As countries continue to grapple with the rise of online extremism, Australia is taking its first step by cutting off access to any internet domain that hosts terrorist material during a crisis event.
In addition to temporary bans, the government is reportedly considering legislation to force digital platforms to improve the safety of their services.
Popular social platforms — Facebook, YouTube, Amazon, Microsoft, and Twitter — have been given given a deadline till the end of next month to share enforcement details to the government.
Taking down ‘abhorrent’ content
“We are doing everything we can to deny terrorists the opportunity to glorify their crimes,” said Australian Prime Minister Scott Morrison, according to Reuters.
Officials are said to be working on a framework to determine what kinds of “abhorrent” violent material — including murder, sexual assault, torture, and kidnapping — would be removed on a case-by-case basis. The decisions would be taken by Australia’s eSafety Commissioner, the department overseeing online safety.
Furthermore, the government intends to establish a 24/7 Crisis Coordination Centre to watch out for extremist content in online discourse. But there appears to be no clarity yet on what would be the outcome if platforms hosting such material don’t comply.
Other enactment concerns remain: would an entire website, say YouTube, be taken down if an offending video is found? Or would it just be the link to the post or video? How long before the ban is lifted? What if citizens use VPN services to circumvent the country-wide blockade? Would they be banned too?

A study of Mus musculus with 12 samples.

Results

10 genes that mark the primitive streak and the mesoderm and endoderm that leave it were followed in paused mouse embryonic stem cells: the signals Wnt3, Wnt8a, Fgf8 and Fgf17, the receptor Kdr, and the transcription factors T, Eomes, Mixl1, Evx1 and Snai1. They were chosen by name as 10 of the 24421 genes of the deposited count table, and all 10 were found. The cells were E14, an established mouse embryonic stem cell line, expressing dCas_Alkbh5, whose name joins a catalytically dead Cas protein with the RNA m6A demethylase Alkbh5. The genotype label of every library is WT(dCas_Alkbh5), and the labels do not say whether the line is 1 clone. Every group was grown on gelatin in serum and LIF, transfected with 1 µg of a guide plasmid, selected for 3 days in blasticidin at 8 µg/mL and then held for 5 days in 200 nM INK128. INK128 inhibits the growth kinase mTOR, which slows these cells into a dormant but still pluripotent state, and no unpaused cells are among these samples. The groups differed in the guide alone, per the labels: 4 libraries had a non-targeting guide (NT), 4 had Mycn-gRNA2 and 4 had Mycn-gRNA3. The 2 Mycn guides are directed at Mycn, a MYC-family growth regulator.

The plan is well-intentioned no doubt, but it will boil down to the nuts and bolts of how it’s implemented in practice.
Social media as potent weapons of extremism
The move comes in the wake of Christchurch massacre in March where 51 people were killed at two mosques in New Zealand. The gunman live-streamed the first attack on Facebook, which then went viral on other social media platforms, forcing the companies to take down the content.
8chan has also been a safe harbor for terrorists to post their manifestos in three different mass shooting incidents this year — counting Christchurch — resulting in the alt-right message board being taken off the clearnet (aka the ‘normal’ internet). However, it continues to be available via its “.onion” address.
The lapses in platform moderation and general misuse have prompted a closer scrunity of social media sites. Facebook, not long ago, agreed to hand over identifying information on French users suspected of using hate speech on its platform.
Germany already has a law in place — called Network Enforcement Act — under which social networks have 24 hours to remove hate speech, fake news, and other illegal material after they are notified about it — or face fines up to €50 million.
Taking it a step further, the EU Parliament’s Committee on Civil Liberties, Justice, and Home Affairs (LIBE) voted in favor of implementing a one-hour deadline for any platform to delete terrorist content.
Ultimately, this is symptomatic of a wider problem ailing social media. The public feeds built to connect people have turned out to be potent weapons engineered to spread extremist content just as effectively as the truth, if not more.
The virality is a product of algorithmic disruption that, while filling their coffersquarter after quarter, have largely blinded them to the consequences. No wonder it has now emerged as the biggest source of headaches for the companies running them.